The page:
During a June 23 panel discussion at the Washington, D.C.-based Palestine Center, former New York Times reporter Taghreed El-Khodary said that she had to quit being a correspondent in the Gaza Strip after it was confirmed that Times’ Jerusalem bureau chief Ethan Bronner’s son joined the Israeli Defense Forces.
In response to a question about Bronner from Jared Malsin of the Palestine Note, El-Khodary said she had to leave the Times because she feared losing her sources and her life after the revelation about Bronner’s son. She said:
I have succeeded to be considered a very critical journalist on the ground, and I don’t want to lose that. If Ethan’s son joined the Israeli army, OK it’s his issue. If The New York Times decided to keep him there, ok, they took a decision. But I took a decision too. I mean, you’re not going to report this. It’s fine, but it’s not a new story, it’s old now. And I decided, because I don’t want to lose my sources, and I don’t want to lose my life, and I don’t want him to lose his life, so it’s as simple as that. So, I came out with that decision because it’s important to keep my sources. It’s a challenge, and I don’t want to lose it. I don’t want to be tainted like ‘the one who writes for someone that has a son in the army’ – I don’t want, I don’t need that. Already there are many challenges around you and you don’t want to add another one. It’s not worth it.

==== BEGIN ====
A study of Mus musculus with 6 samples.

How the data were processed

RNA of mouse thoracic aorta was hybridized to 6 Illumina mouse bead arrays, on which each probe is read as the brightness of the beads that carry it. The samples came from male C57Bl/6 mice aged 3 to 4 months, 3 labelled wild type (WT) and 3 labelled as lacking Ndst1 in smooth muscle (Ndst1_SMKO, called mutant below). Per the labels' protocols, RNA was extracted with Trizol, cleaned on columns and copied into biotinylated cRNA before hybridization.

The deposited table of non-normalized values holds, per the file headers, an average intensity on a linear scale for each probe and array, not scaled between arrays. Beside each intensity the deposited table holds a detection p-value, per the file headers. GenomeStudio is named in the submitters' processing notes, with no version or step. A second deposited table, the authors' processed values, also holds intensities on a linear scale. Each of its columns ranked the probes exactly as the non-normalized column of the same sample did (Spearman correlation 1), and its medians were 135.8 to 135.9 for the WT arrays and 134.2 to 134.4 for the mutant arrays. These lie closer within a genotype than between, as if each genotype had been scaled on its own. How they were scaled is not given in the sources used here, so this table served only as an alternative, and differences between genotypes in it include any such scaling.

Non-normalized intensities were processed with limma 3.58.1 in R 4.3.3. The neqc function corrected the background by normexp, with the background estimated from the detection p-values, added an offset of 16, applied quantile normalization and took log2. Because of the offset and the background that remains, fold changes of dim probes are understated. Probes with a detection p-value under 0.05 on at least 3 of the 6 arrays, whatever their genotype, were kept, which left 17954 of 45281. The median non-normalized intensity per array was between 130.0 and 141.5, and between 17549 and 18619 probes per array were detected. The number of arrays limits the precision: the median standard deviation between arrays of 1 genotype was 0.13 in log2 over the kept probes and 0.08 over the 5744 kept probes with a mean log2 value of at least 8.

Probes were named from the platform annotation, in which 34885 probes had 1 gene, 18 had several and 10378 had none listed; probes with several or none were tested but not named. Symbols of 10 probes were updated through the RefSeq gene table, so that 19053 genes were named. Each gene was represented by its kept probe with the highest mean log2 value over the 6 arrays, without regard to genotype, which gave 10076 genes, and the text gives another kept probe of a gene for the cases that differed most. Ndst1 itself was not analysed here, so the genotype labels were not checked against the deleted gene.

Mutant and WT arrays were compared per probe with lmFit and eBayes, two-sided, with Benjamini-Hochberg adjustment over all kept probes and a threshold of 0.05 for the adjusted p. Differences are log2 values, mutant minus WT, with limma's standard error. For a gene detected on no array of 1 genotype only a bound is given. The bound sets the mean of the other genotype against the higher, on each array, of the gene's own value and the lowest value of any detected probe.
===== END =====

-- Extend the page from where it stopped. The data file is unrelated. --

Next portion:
El-Khodary talked about the difficulties of being a reporter in Gaza, saying that being a Palestinian journalist, even if you work for Reuters or AP [Associated Press] or The New York Times, Israel will never give you access to the West Bank or to Israel.”
She also said that when it came to reporting on Gaza for the Times, you need the Israeli narrative in the story.”
If I want to talk about how I covered the war, I really sent what was happening in Gaza and it was really taken by The New York Times, and it’s there. The issue is even if you write a feature, if you write anything; you need the Israeli narrative in the story. You need to balance and that’s why you need the space. That’s the story here. You have to be politically correct. You have to have the Israeli narrative even if you are working in a feature. So that’s how it goes and I think you need to understand also how the Israelis are looking at things. What’s disturbing here, is watching your TV. I cannot watch CNN domestic. They treat me like a stupid person, like a stupid audience. I really stopped watching it because it’s so different from the CNN International. I’m here and I’m really not watching your FOX [News] or your CNN. It’s scary. So, thanks to God [that] we have [the] Internet.